A change for the better
Diners are fickle creatures of habit, so a change to a restaurant that includes picking up lock, soup stock, and barrel and moving it several kilometres from its original location is risky business indeed. However, judging by the steady stream of customers on a sleety Friday evening, the Blackshop's recent move from its quaint and cosy home of 15 years on Hobson Street has been well received.
The mainstay Cambridge restaurant is settling nicely into its new digs in a thoroughly stripped down and fully renovated building that was once an Ali Baba Steak House on the busy Hespeler Road. A main entrance at the side of the building opens to about 185 seats that are divided among several rooms: a main dining area, more private Green, Red, and Blue rooms possessed of casual European elegance, a "studio" with art and a skylight for private functions, and a cafe and bar. And with spring weather, a patio will come into play as well. Recognizing a need for more tables and expanded parking facilities, the brothers Cerny (owners Alec and John) oversaw the ambitious project with the vision that experience has given them. Veteran restaurateurs that they are and having grown up in the business that was started by their parents, the Cernys were perhaps uniquely suited to pulling off such an evolution. I think their efforts have been successful: I liked the old Blackshop, but I like the new one too.
Seating for nearly 200 has the potential pitfall of a lot of noise and a sinking feeling that you are unanchored and adrift in a sea of people noshing a meal. The Blackshop avoided that by breaking down the space into the smaller sections. The result is an ambience that is relaxed and warm. As far as the other facilities go, a common wash-up area between the men's and women's lavatories is a bold if not momentarily disorienting feature, but good for Blackshop.
The menu is broken down such that it gives Blackshop faithful the cuisine they expect and want. I'd call it a bistro menu in a restaurant that pegs itself at the casual fine-dining level. Spinach salad ($7.95) -- one of 18 appetizers like mussels, insalata Caprese, Alsatian flat bread, gravlax, and steak tartare – combines crisp spinach, candied pecans, toasted pumpkin seeds, grapes, and maple syrup-based vinaigrette with a smoky hint that outstays the sweetness. No complaints about this simple salad – cool, refreshing, vibrantly green – except that the stalks of the spinach made for some difficulty in getting a forkful into the mouth without taking knife in hand.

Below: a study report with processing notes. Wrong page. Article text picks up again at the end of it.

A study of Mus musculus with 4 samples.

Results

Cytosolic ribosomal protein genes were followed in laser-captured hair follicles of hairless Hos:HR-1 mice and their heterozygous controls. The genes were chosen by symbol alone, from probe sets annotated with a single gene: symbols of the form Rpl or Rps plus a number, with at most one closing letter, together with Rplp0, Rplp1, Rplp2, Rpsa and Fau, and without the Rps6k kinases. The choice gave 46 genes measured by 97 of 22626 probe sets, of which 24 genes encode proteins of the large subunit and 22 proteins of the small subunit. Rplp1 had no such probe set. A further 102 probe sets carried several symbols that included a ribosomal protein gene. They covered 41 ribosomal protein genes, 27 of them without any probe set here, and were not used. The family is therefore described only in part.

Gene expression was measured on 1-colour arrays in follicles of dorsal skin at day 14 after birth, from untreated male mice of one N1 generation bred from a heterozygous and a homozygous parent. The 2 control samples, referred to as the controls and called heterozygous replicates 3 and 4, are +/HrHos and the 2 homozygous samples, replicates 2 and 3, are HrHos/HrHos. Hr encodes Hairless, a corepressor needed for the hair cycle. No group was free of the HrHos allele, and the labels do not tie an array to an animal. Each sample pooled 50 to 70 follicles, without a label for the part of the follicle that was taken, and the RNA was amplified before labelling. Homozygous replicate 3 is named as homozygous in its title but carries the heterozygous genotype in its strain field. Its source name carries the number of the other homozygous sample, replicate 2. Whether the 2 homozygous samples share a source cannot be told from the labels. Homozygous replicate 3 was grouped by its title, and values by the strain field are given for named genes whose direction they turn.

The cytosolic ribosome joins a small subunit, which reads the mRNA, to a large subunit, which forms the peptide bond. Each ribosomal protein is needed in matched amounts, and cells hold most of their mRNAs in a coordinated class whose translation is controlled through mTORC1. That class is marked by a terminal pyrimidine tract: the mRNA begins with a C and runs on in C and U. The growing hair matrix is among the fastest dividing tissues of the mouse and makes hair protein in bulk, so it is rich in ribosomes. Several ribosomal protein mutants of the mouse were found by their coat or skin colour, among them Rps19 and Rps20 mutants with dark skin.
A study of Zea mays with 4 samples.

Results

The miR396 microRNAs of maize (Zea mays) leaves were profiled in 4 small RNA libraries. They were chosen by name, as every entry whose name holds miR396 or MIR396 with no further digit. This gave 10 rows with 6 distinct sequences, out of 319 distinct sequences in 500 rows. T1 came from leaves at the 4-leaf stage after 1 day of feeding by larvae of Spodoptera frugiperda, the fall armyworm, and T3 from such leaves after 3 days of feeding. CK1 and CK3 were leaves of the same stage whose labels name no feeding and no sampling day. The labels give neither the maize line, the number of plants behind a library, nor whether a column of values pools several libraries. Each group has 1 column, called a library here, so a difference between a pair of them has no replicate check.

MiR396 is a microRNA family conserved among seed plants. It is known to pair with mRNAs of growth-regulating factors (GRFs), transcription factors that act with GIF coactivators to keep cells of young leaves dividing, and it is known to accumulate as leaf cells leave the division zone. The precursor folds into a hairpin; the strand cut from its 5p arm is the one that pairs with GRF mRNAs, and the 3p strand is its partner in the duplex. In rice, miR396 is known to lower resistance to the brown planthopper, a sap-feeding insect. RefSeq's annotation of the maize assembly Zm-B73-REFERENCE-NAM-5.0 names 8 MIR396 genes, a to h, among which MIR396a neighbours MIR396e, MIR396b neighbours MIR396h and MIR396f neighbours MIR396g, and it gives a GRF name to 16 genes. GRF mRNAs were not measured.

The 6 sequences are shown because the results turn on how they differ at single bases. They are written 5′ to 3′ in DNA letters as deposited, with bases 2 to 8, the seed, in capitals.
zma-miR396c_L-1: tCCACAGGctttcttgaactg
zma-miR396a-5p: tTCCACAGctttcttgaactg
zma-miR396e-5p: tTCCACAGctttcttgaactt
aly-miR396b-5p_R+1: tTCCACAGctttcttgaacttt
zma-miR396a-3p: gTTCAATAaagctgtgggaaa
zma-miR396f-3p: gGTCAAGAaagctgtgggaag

Excellent shoestring pommes frites ($4.95) are true to bistro fare. These little devils are a delicacy for which the Belgians are famous, and Blackshop's fit the bill with a little ramekin of smooth aioli which immediately announces itself as lemon. The thin frites are served piping hot in a cone lined with faux newspaper. Their essential potato flavour, sans grease, hovers in an ideal realm between crisp and chewy. Out of the fryer and into a perfectly timed application of salt while ripping hot and moist gives the frites added character.
Throwing a punch of flavour of their own are Blackshop's chicken livers ($8.95), revealing the hidden richness in such humble offal, the too-oft castaway variety meat: they melt in the mouth with an intoxicating headiness. To the livers are added sautéed mushrooms, while roasted bacon cleans things up in a perfect balance. The sauce is creamy-rich and holds the components together without overriding the liver flavour, though the pea-shoot garnish is poorly executed and amateurish. Mains have inventiveness, including a foam, without straying too far from bistro roots: a mushroom strudel, steak frites, a crab "macaroni and cheese," sole tempura, three grilled meats, Muscovy duck and caraway spaetzle, and the stalwart schnitzel with mashed spuds ($16-$33). Grilled beef tenderloin ($26.95) with a side of wonderfully cooked small button mushrooms ($4.95) has the right texture, degree of doneness and full body that one expects in tenderloin. Scaloppine ($21.95) is veal medallions served with a restrained shallot and Marsala sauce – It's alla Milanese with a light breadcrumb and Parmesan coating, leaving the scallops of veal inside lusciously tender.
Cerny restaurants usually have interesting wine selections in any price range; Blackshop's list is divided primarily among Italian, American, and Australian with a Flaccianello "super Tuscan" ($145) and Napa Opus One ($350) representing the higher end.
A trio of creme brulees, vanilla, chocolate, and lemon ($6.95) are light and airy and made an ideal last impression at my introduction. Change, it appears, is good.
Apps. $5 to $17; mains $14 to $33. Cellar selection of 50 red wines and 30 whites; 20 feature wines from $26 to $50 ($7-$13 by the glass). Dinner for two with two glasses of wine and shared dessert is about $100 before taxes and gratuity.
Monday to Thursday 11 a.m. to 11 p m.;
Friday and Saturday 11 a.m. to midnight;
Sunday 11 a.m. to 9 p.m.
Visa, MasterCard, American Express, debit accepted.